This project is read-only.

Using in "blocked Facebook" environment

Apr 13, 2011 at 9:17 AM


First of all, my own thanks for this project. It really makes life easier for .NET developers intimidated by Facebook's relative instability as an API platform.

I have been trying to use this library on an FB IFrame-hosted app that is also meant to be accessible as a standalone site (while still employing FB integration). The idea is that, for example, on Day-1 an FB user visits the app while inside FB and grants it the relevant permissions for profile access etc. Then on Day-2, the same user uses a PC that has no client access to Facebook (e.g. on a work computer where Facebook access is blocked) and visits the standalone site. It is desirable that the user be able to be authenticated using his FB credentials and employ any of the other API features (friends, photos etc.).

Two issues have emerged so far:

1) When visiting the standalone site (Day-2), in order to perform authentication, there is a momentary client-side redirection to FB and then back to the original site page. Obviously in a blocked-FB environment this redirection will fail. Is it possible to perform this step purely server-side, to bypass the block? If the user's token string has been saved from Day-1, is it possible to use it to instantiate the "Api" object?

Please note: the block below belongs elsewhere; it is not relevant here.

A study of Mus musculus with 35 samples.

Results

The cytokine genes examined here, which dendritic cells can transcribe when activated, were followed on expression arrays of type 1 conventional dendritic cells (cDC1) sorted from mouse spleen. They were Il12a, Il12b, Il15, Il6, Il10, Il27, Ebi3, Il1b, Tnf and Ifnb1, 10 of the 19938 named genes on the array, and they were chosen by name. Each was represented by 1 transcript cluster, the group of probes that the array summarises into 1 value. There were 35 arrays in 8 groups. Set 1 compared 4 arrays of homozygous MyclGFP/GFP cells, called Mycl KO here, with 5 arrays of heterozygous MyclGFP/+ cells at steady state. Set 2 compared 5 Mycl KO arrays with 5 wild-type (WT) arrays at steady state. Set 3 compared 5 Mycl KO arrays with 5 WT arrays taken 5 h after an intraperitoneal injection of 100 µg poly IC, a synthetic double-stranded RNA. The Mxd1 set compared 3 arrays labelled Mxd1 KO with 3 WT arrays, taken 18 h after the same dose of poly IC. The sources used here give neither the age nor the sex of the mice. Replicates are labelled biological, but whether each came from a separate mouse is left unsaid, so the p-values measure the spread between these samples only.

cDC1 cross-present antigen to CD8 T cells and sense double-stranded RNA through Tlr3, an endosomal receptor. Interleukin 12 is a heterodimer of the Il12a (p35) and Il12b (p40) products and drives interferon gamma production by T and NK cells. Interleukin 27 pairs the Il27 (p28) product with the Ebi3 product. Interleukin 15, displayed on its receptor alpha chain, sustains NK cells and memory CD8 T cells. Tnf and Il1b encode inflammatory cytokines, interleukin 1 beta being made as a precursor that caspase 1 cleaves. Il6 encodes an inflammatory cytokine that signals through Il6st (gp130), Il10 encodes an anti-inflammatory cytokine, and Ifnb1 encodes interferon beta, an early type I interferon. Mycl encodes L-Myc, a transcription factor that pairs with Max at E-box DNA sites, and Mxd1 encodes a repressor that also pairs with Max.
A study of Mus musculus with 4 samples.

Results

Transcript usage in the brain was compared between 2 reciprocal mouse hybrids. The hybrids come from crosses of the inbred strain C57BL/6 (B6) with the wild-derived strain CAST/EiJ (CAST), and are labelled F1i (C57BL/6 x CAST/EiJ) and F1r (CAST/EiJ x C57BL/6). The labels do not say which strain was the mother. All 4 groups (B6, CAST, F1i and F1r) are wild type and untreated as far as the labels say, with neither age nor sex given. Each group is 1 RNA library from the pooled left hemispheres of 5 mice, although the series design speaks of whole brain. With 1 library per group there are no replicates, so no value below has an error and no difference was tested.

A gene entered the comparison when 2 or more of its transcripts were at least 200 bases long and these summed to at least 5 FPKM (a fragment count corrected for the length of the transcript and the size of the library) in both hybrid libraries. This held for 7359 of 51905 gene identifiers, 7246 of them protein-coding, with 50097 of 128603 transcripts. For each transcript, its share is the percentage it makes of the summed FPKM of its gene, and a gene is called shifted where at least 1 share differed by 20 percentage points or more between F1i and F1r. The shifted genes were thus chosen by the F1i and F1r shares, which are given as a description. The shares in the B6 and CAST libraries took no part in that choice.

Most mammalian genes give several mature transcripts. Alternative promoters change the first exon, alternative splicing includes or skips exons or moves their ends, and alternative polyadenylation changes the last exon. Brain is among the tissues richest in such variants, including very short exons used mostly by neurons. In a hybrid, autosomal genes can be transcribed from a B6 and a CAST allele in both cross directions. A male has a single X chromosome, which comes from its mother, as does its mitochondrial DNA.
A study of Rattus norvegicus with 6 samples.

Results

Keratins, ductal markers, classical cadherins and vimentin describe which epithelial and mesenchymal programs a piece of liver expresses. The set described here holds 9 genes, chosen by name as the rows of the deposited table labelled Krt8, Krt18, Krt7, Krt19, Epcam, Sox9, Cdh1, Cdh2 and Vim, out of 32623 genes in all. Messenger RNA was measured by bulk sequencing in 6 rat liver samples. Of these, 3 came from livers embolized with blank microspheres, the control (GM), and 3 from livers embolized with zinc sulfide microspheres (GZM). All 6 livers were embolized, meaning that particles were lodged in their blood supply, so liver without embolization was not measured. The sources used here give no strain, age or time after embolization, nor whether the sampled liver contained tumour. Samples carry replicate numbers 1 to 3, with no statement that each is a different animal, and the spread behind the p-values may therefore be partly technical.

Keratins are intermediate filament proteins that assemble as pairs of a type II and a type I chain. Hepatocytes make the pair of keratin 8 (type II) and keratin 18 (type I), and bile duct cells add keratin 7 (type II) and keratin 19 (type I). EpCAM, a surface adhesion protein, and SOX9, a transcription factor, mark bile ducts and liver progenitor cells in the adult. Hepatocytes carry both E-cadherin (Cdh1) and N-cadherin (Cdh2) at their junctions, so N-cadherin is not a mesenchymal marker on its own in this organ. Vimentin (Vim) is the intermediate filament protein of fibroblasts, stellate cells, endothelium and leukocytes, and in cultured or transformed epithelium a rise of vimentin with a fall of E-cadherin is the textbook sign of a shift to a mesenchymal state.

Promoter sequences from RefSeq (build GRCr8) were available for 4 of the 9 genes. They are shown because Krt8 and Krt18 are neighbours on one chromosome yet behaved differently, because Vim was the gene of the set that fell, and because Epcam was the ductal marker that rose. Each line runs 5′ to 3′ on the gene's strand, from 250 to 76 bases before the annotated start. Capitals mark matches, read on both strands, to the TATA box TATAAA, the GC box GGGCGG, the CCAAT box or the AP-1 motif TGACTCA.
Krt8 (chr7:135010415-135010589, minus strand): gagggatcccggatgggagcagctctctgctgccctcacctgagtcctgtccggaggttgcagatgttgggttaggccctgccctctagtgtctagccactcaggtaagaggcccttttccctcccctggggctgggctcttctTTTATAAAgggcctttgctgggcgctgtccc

2) From what I understand, the Canvas-class page is recommended when constructing an IFrame-hosted app, while the Socialpage-class is recommended for building standalone apps with FB integration. In this case, where the standalone app will be the exact same one that is IFrame-hosted, which page class should be employed? Or should I make a CanvasPage1 and a SocialPage1 for each logical Page1 in the application, and encapsulate the common functionality in user controls?

Thanks in advance for any help!

Apr 13, 2011 at 6:55 PM

Hi Dimitris,

If you want to authenicate the user without redirecting to Facebook, then you should prompt the "offline_access" permission. This would allow you to save the access token in a database and then retrieve it later. The redirection is necessary because only is supposed to read its cookies. Therefore, you should provide some sort of alternate login mechanism on your standalone site, which would allow you to identify the user and pick the correct access token from your database. There are some applications out there that can access the user's Facebook News Feed on behalf of them (such as a Windows Gadget or Live Messenger). If you notice, all these applications ask for the "offline_access" permission.

As for your second question, I'd recommend creating two seperate pages, then write your codes in App_Code or use User Controls or something like that so your codes can be re-used across the pages. It is also possible to merge the two by combining codes in the source, but it may take some time and some experiment to get it work perfectly.

Apr 13, 2011 at 10:28 PM

Thank you for the prompt help. I will follow your suggestions and post follow-ups if necessary.